Throwback Thursday: Indomitable Mary

Today I found a box of family photographs I’d been searching for since we moved three years ago. It contains, among others, this 1922 photo of my great-grandmother Mary Bartocci Tomassoni and her four children. Her husband, Antonio Tomassoni, had been killed the year before in a coal mine collapse, leaving her alone at age 26 with three children and a fourth on the way. She survived by taking jobs hanging wallpaper — and by going up against her late husband’s employer.

This 1922 photo shows my great-grandmother Mary Bartocci Tomassoni and her children. The children’s father, Antonio Tomassoni, named the first three children after characters from his beloved Italian operas. My grandmother Norma has the spectacular bow in her hair. Romeo (nicknamed Rush) is in the sailor suit. Aida (also spelled Ada) stands in front of her mother. The fourth child might have been named from another opera, but when he was born, after his father’s death, Mary named him Antonio, Jr.

Mary’s story was one of the first unexpected treasures my genealogical research turned up, when I discovered the records of a court case that no one in the family knew about: Tomassoni vs. Pennsylvania Coal Company.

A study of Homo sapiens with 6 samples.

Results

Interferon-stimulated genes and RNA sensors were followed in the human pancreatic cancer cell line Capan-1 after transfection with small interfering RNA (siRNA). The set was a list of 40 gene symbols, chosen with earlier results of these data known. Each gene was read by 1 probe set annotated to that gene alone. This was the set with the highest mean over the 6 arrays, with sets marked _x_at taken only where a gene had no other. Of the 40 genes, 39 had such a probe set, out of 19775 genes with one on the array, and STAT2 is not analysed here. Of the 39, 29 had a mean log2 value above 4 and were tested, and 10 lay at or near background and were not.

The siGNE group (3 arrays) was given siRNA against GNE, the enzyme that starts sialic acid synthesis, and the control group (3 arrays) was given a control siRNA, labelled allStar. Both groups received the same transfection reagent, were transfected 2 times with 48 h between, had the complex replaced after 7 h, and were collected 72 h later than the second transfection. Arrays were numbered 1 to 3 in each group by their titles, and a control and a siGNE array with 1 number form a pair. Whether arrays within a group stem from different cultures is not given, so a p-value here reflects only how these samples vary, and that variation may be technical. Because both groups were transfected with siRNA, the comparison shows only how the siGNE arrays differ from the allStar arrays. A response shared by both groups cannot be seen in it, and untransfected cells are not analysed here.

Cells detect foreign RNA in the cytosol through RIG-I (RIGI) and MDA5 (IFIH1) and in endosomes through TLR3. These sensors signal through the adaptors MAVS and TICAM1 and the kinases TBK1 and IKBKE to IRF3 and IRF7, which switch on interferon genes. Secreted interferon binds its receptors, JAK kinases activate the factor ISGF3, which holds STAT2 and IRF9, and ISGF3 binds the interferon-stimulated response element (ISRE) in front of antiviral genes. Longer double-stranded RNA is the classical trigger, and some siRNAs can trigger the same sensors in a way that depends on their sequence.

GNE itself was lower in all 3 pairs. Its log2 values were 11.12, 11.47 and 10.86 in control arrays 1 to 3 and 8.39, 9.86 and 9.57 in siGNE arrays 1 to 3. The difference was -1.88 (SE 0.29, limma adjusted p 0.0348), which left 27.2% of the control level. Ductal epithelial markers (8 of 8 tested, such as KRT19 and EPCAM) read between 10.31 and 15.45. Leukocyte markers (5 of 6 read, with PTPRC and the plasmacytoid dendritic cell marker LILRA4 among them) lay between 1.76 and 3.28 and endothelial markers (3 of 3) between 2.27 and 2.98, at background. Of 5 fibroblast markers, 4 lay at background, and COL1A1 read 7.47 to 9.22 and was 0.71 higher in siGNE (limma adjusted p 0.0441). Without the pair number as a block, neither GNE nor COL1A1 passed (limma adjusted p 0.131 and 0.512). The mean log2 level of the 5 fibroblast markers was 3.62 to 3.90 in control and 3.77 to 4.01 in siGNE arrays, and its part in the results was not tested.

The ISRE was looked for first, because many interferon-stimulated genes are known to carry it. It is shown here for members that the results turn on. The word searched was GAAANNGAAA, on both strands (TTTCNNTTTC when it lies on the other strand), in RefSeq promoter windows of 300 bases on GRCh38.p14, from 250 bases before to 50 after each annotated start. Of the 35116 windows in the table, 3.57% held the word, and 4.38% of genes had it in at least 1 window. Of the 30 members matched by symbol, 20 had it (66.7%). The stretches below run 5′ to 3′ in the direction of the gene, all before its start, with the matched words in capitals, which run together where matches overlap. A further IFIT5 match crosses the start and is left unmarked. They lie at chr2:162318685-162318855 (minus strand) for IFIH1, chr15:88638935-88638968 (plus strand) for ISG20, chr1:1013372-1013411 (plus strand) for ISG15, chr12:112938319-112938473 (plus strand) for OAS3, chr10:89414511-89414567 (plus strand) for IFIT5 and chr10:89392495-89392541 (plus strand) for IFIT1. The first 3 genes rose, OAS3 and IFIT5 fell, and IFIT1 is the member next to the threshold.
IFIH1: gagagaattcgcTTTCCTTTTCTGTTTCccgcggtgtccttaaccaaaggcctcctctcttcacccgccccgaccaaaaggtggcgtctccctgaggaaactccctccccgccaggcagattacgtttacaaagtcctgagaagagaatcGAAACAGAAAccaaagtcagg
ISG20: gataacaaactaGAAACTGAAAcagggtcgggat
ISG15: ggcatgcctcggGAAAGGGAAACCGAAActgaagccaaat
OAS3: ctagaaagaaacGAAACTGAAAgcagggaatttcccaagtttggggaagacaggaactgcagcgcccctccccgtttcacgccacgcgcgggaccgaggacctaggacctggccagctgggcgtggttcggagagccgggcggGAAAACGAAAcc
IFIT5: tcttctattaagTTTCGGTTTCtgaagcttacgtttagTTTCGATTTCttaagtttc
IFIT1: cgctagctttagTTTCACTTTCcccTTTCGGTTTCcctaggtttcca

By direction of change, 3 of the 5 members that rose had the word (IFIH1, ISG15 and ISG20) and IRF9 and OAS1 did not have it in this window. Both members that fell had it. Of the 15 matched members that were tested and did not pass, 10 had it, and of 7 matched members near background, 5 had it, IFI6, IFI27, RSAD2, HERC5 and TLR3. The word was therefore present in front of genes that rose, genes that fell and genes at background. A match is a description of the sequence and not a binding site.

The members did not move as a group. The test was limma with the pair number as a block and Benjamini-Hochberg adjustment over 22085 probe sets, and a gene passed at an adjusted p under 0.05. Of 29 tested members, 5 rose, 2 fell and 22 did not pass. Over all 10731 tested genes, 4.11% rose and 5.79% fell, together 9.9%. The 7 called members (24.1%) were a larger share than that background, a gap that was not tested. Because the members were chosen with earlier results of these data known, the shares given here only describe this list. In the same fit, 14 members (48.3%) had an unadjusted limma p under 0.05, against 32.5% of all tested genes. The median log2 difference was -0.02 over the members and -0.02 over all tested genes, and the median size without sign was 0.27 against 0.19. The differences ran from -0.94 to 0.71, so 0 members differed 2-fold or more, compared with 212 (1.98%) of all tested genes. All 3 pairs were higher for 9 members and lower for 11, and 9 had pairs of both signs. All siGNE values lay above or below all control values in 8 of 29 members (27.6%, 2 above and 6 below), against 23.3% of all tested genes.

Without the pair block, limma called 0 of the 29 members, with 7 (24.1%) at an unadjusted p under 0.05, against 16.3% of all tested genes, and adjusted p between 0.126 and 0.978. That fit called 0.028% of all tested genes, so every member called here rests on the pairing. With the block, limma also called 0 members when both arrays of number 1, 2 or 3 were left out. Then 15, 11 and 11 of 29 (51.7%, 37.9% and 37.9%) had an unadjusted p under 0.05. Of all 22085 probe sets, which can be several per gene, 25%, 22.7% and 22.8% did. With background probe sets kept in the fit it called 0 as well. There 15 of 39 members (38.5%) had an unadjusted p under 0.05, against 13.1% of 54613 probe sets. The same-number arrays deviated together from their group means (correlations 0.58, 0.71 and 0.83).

The 26-year-old widowed mother of four took on Big Coal, suing the company that had refused to pay worker’s compensation for her husband’s death.

This was northeastern Pennsylvania in the 1920s. Coal was king. I cannot imagine the courage and determination it would have taken for a young, uneducated mother of four to go up against a coal company. Better yet, she won. Twice. The first court found in her favor. Pennsylvania Coal appealed and lost. And in 1923, the appeals court awarded a cash payment to her and her children. I don’t know if they ever actually received the money.

Mary went on to forge a long history of standing up for workers. She protested for women’s rights and labor rights. Another photo I have not yet relocated shows her wearing a white sash at a rally; my mother said she was marching to support a teachers’ strike. In 1929, she married her second husband, another coal miner; their son was born the following year.

I am proud to be descended from her.